Aisling Brennan: ‘Looking up cool videos of Komodo dragons is always a bonus’
Aisling Brennan previously earned a BSC in zoology from University College Dublin, her thesis studying formaldehyde-preserved natural history specimens and getting usable genetic material from them. Now, she has moved on to an MSc in science and health communication at Dublin City University (DCU), where she is studying the framing of science as a ‘neutral’ force used as a ‘tool’ by protagonists and antagonists in science fiction films.
Still keeping with her zoology roots, however, Brennan has also volunteered with Dublin Zoo for nearly a year and a half. “I spend way too much time there!” she said.
How did you hear about FameLab and what made you enter?
I was told about it by my course head, and also talked to a representative at Sci:Com in November.
I have had trouble in the past with public speaking and wanted to improve, and getting to talk about anything I’m enthusiastic about seemed a good way to do it.
What’s your presentation about and how did you prepare for it?
My presentation is about parthenogenesis, a form of asexual reproduction. (At least, that’s the topic so far – who knows what’ll happen.)
In other words, it’s about animals (mostly insects, lizards and the odd fish) that don’t need two sets of genetic material to reproduce. They just copy their own chromosomes and make a genetic clone of themselves – no male gamete necessary!
I enjoy this topic a lot and have written an article on it in the past so I mostly have been revisiting my past research, and looking for other information about clonal reproduction from a zoo and pet-owner perspective. Before, I’ve mostly dealt with it from a ‘biology is really cool’ perspective, not thinking about the real-life effects or consequences it has in animal care. Also, looking up cool videos of Komodo dragons is always a solid research bonus!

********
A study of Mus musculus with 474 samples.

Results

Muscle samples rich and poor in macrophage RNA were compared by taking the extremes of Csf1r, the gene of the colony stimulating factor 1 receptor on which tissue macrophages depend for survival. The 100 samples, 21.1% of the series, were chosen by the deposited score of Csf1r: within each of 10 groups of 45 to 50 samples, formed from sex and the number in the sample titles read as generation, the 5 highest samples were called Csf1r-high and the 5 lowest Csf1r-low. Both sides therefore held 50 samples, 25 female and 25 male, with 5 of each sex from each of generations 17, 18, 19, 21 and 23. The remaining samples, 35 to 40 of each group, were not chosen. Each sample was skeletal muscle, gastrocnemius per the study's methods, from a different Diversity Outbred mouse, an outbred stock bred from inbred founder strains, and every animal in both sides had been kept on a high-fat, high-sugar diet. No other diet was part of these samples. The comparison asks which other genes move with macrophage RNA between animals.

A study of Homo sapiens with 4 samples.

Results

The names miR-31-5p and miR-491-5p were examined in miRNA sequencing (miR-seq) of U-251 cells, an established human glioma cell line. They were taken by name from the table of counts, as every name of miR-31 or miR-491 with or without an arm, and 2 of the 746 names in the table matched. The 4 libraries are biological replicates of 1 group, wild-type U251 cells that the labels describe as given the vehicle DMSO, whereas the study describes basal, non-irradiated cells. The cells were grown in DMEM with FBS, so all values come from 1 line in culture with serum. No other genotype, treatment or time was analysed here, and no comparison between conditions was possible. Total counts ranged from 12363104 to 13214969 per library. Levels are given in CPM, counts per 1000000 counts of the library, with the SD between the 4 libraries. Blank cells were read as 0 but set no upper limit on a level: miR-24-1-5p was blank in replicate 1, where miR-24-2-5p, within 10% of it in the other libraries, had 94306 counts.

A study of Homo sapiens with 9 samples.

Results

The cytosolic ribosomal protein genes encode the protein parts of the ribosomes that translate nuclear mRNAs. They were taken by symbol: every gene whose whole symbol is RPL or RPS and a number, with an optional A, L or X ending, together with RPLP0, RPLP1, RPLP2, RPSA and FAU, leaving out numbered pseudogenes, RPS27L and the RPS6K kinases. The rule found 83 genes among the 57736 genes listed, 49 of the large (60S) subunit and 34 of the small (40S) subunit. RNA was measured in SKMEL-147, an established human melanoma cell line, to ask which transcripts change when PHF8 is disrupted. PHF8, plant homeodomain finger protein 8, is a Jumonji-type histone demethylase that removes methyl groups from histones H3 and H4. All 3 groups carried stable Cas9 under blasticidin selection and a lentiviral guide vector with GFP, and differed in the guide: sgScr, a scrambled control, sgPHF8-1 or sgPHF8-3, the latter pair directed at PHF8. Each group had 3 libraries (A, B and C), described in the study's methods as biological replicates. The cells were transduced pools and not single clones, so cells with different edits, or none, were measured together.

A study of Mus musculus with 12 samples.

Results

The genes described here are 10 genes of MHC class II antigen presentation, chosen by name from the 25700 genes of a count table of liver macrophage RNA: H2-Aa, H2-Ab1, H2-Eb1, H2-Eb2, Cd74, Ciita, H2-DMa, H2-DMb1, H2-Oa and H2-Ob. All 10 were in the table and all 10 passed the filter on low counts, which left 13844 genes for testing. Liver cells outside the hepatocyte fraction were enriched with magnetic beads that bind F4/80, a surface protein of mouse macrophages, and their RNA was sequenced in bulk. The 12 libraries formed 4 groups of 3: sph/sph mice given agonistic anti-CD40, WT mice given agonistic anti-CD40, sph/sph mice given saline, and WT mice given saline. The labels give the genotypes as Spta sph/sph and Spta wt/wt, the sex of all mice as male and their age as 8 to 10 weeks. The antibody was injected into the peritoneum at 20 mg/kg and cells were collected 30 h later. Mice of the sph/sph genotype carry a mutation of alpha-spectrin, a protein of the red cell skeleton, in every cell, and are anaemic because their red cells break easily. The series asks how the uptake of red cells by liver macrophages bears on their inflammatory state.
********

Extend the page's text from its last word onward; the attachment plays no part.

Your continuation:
What was your journey to the final?
I came runner-up in the DCU heat, competed in the Dublin heat with the same talk (‘Why Elephants Need Pedicures’) and performed it much better than I did in DCU. Alas, I didn’t make the top two but the video from that final was automatically entered into the video heat, and I successfully got into the final that way.
Now, unfortunately, I have to talk about something other than elephant feet!
How valuable is this experience in teaching you how to communicate?
It is invaluable for my volunteer work at Dublin Zoo. I spend most days there talking about random concepts in very short amounts of time to lay audiences, so getting to practise that on a stage for FameLab is really cool.
Also, as I’m studying to be a science communicator, I really should try to get not-terrible at it pretty soon!